Well, it turns out I didn't have as much in my document as I thought. I remember that I quit working on it when I realized my problem with Mary's ever-virginity had little to do with Scripture and everything to do with Western attitudes towards sexuality. Looking back over it, I'm not sure why I thought 75% of it was even relevant, so I won't post the whole thing.
What I had been looking for at the time was the earliest clear statements regarding Mary's ever-virginity, and the earliest statements in opposition (I did not include the Protevangelium of James
since, still being a Protestant at the time, I treated it as apocryphal). The primary things I found were: Clement of Alexandria, The Stromata,
from book 7, chapter 16 (written between 192-202 AD)
But, as appears, many even down to our own time regard Mary, on account of the birth of her child, as having been in the puerperal state, although she was not. For some say that, after she brought forth, she was found, when examined, to be a virgin.
Now such to us are the Scriptures of the Lord, which gave birth to the truth and continue virgin, in the concealment of the mysteries of the truth.
this does not directly address the ever-virginity issue, but I couldn't imagine anyone believing in her virginity after childbirth while not also believing in her ever-virginity. So, I counted it as supporting ever-virginity. Hippolytus, Against Beron and Helix,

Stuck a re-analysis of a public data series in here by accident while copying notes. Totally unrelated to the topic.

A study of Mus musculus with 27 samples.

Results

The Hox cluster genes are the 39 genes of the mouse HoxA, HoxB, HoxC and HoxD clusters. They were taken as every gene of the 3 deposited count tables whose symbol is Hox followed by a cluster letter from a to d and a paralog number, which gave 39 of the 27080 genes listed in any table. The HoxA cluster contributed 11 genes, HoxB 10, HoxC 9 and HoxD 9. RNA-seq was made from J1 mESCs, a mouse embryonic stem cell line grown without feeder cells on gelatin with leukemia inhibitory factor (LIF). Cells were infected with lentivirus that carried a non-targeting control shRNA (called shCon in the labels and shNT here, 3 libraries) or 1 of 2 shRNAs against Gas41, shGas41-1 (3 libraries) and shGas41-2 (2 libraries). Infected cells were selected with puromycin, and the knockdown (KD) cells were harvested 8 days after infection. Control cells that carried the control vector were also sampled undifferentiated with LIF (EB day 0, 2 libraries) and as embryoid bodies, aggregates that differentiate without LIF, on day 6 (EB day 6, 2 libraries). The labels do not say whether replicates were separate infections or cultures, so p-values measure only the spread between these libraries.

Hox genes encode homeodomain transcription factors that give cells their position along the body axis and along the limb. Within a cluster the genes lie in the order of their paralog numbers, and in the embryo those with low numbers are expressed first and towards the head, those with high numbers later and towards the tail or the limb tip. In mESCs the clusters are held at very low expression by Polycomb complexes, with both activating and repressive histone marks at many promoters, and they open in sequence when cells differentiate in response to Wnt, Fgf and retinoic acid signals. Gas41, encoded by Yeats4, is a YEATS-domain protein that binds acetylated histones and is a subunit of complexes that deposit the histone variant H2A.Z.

from fragment 8 (around 220 AD?)
But the pious confession of the believer is that, with a view to our salvation, and in order to connect the universe with unchangeableness, the Creator of all things incorporated with Himself a rational soul and a sensible body from the all-holy Mary, ever-virgin, by an undefiled conception, without conversion, and was made man in nature, but separate from wickedness: the same was perfect God, and the same was perfect man; the same was in nature at once perfect God and man.
This was the earliest use of "ever-virgin" that I found. Athanasius the Great, Against the Arians,
Second oration, pgh. 70 (between 356-360 AD)
Therefore let those who deny that the Son is from the Father by nature and proper to His Essence, deny also that He took true human flesh of Mary Ever-Virgin;
This one is from much later, but several commentators seemed to treat Athanasius' declaration as kind of "nailing the issue down", so I noted it.
The closest I managed to come to a dissenting voice (I thought) was this one: Irenaeus, Against Heresies,
Book 3 (written c. 182-188 AD)
To this effect they testify, [saying,] that before Joseph had come together with Mary, while she therefore remained in virginity, “she was found with child of the Holy Ghost;” ...
However, Irenaeus is really just quoting Matt. 1:18, and I later learned that this passage (along with the "until" a few verses later in v. 25) had been pretty thoroughly explained. John Chrysostom's sermon on that passage cleared up any lingering doubts on the issue. Nothing else I dug up even came this close to dissenting. I did read some claims that Tertullian did not believe in the ever-virginity of Mary, but did not find any references I could check.